Viral infections of the heart are among the most commonly identified causes of acute myocarditis in children and adults and have been implicated in dilated cardiomyopathy. Although there is considerable information regarding the cellular immune response in viral heart disease, little is known about innate signaling mechanisms within the infected cardiac myocyte that contribute to host defense against viral infection. Studies from this and other laboratories have identified the presence of a family of innate immune receptors in the heart termed Toll-like receptors (TLRs). Importantly, recent studies have shown that TLR3 and TLR4 mediated signaling contributes to the induction of anti-viral cytokines through the adaptor molecule termed Toll-interleukin-1 receptor (TIR) domain-containing adaptor inducing interferon-? (TRIF). Our preliminary data in mice deficient in TLR3, TLR4 or TRIF show that the TLR3/4?TRIF signaling pathway is essential for the control of early viral replication, as well as the optimal induction of an anti-viral response in the heart. Based upon the foregoing observations the immediate specific objectives of this proposal will be to test the following hypotheses: (1) Signaling through TLR3 and TLR4 induces an anti-viral response in the hearts of enterovirus infected mice through a TRIF-dependent pathway, and (2) TRIF amplification of the antiviral response protects the heart against cytopathic injury, left ventricular dilatation and loss of myocardial contractility.
Four Aims are envisioned.
In Specific Aim 1 we will test the hypothesis that induction of the innate antiviral response in the heart following enteroviral infection is mediated by TLR3 and TLR4 via a TRIF-dependent pathway.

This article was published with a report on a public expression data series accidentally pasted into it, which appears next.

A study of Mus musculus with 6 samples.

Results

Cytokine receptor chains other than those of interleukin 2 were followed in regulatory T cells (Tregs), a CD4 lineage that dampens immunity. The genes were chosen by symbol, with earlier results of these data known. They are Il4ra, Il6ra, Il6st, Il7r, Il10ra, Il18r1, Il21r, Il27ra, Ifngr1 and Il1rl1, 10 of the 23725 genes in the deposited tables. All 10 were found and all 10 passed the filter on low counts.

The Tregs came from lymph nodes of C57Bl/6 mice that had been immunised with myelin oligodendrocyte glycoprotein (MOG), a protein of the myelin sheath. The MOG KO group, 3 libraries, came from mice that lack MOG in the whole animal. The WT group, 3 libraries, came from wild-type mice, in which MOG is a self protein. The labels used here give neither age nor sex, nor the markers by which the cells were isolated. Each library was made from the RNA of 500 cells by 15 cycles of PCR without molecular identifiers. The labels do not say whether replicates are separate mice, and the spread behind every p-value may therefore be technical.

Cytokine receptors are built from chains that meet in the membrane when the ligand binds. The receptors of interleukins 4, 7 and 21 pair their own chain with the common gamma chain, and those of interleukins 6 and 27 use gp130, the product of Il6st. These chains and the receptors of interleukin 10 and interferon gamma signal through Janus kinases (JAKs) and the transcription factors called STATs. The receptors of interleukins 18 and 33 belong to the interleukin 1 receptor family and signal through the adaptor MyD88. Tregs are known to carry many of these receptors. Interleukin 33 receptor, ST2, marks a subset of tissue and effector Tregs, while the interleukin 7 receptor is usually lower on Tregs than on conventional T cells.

Specific Aim 2 will test the hypothesis that loss of TLR3/TLR4?TRIF signaling will result in increased virus-induced cytopathic injury in the heart, leading to left ventricular dilatation and loss of myocardial contractility.
Specific Aim 3 will test the hypothesis that overexpression of TRIF will protect cardiac myocytes from virus-induced cytopathic injury, augment the innate anti-viral response in the heart, and prevent the development of left ventricular dilatation and loss of myocardial contractility associated with an enteroviral infection.
Specific Aim 4 will test the hypothesis that the TRIF mediated cardiac cytoprotection results from the ability of the N-terminal and C-terminal regions of TRIF to activate distinct antiviral mechanisms. Thus, the proposed studies should provide definitive new information regarding the mechanisms of activation, as well as the role of the innate immune system (TLRs) in viral heart disease.
Viral infection of the heart may cause severe heart failure and death in children and adults. There is no specific treatment for this disease and patients may eventually require heart transplantation. The studies proposed in this grant will give us a better understanding of the disease and may lead to improved treatment options.